Red tide detected at Siesta and Turtle beaches this week

All county-operated beaches posted with signage warning of the presence of red tide

This is a still that the News Leader created from the live camera view of Siesta Public Beach just before 3 p.m. on Oct. 7. Visit Sarasota County provides the live views via YouTube. Image courtesy Visit Sarasota County

Water samples taken at Sarasota County-operated beaches on Monday, Oct. 3, and then analyzed by Mote Marine Laboratory, show elevated counts of red tide cells at all of the beaches, the Florida Department of Health in Sarasota County (DOH-Sarasota), reported late in the morning of Oct. 7.

Therefore, G. Steve Huard, the DOH-Sarasota spokesman, pointed out in a news release that department staff would be changing the signs at Siesta and Turtle beaches to indicate that red tide is present.

Last week, those barrier island beaches were the only ones where red tide was not indicated, Huard reported.

This is a portion of the Turtle Beach report, via Mote Marine, that the News Leader reviewed on Oct. 7. Image courtesy visitbeaches.org

Nonetheless, when The Sarasota News Leader checked Mote Marine Laboratory’s beach conditions reports on Oct. 7, the water color at Turtle Beach was marked as “Clear” shortly after 1 p.m., and no drift algae or dead fish were noted. Likewise, respiratory indication was not a factor.

Shortly after 8:30 a.m. on Oct. 7, the Mote report for Siesta Public Beach cited clear water, no respiratory irritation, no drift algae and no dead fish.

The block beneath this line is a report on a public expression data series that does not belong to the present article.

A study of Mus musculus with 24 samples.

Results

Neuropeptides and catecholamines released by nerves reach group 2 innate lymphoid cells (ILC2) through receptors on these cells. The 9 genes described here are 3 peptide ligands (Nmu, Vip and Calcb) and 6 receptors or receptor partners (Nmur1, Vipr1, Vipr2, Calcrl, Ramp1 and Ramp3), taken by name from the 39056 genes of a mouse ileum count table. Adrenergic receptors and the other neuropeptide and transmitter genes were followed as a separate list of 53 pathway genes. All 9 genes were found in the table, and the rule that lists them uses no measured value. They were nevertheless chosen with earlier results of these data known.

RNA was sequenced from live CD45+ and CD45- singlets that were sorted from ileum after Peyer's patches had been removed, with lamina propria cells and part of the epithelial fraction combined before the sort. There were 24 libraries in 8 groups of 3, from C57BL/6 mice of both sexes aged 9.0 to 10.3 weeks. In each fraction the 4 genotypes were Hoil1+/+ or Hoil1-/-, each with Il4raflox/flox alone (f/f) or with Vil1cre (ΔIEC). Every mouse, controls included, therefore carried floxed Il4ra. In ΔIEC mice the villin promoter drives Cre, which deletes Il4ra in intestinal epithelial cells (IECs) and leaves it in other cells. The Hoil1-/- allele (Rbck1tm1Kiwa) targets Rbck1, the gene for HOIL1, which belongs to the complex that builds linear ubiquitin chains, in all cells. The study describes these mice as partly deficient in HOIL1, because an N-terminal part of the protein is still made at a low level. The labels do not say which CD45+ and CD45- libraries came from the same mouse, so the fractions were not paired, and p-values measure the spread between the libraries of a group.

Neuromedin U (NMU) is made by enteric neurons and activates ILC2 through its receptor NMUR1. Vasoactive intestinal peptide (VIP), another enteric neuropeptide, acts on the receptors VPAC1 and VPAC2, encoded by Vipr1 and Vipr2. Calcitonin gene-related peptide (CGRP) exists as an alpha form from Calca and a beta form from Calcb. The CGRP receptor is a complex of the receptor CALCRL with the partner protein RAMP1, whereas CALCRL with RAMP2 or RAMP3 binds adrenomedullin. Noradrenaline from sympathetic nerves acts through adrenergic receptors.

In contrast, at Manasota Key Beach, the Mote report as of 2:13 p.m. on Oct. 7 listed the water color as “Dark,” and it noted “Thick” drift algae, “Intense” respiratory irritation and “Many” dead fish.

Just after 1 p.m. on Oct. 7, the News Leader found the report for Lido Key Beach said that the water color was “Moderate.” Additionally, “Some” drift algae was noted, along with “Slight” respiratory irritation and “Some” dead fish.

“Our weekly sample results are posted at http://www.ourgulfenvironment.net,” Huard wrote in the DOH-Sarasota news release.

As a result of the latest water sampling, the beaches posted with “red tide present” signs are Longboat Key, Bird Key Park, North Lido, Lido Casino, South Lido, Siesta Key, Turtle, Nokomis Beach, North Jetty, Venice Beach, Service Club, Venice Fishing Pier, Brohard, Caspersen, Manasota Key, and Blind Pass, DOH-Sarasota pointed out.

In its Oct. 6 mid-week report on red tide, the Florida Fish and Wildlife Conservation Commission (FWC) noted that it had found bloom concentrations of the red tide algae, Karenia brevis, in 10 samples from Sarasota County taken over the previous seven days. FWC defines a bloom concentration as the presence of more than 100,000 red tide algae cells per liter of water.

Altogether, FWC wrote on Oct. 6, bloom concentrations were detected in 37 out of 122 samples collected over the past week. The only county with a number exceeding that of Sarasota County was Pinellas, with 14. Three samples from Manatee County showed bloom concentrations, the report said.

Further, FWC pointed out that background to high concentrations of Karenia brevis were found in 27 samples taken in and offshore of Sarasota County over the seven days prior to Oct. 6.

This is a portion of the map that FWC and the University of South Florida released showing their red tide forecast for Southwest Florida for the period of Oct. 6-9. Image courtesy FWC and USF

FWC’s twice weekly updates on red tide for the state may be found at https://myfwc.com/research/redtide/statewide/, including a sampling map that is updated daily.

Current beach conditions may be checked at Mote Marine’s website, https://visitbeaches.org/.

The National Centers for Costal Ocean Science (NCCOS) forecasts for Harmful Algal Blooms (HABs) in the Gulf of Mexico may be found at https://coastalscience.noaa.gov/research/stressor-impacts-mitigation/hab-forecasts/gulf-of-mexico/.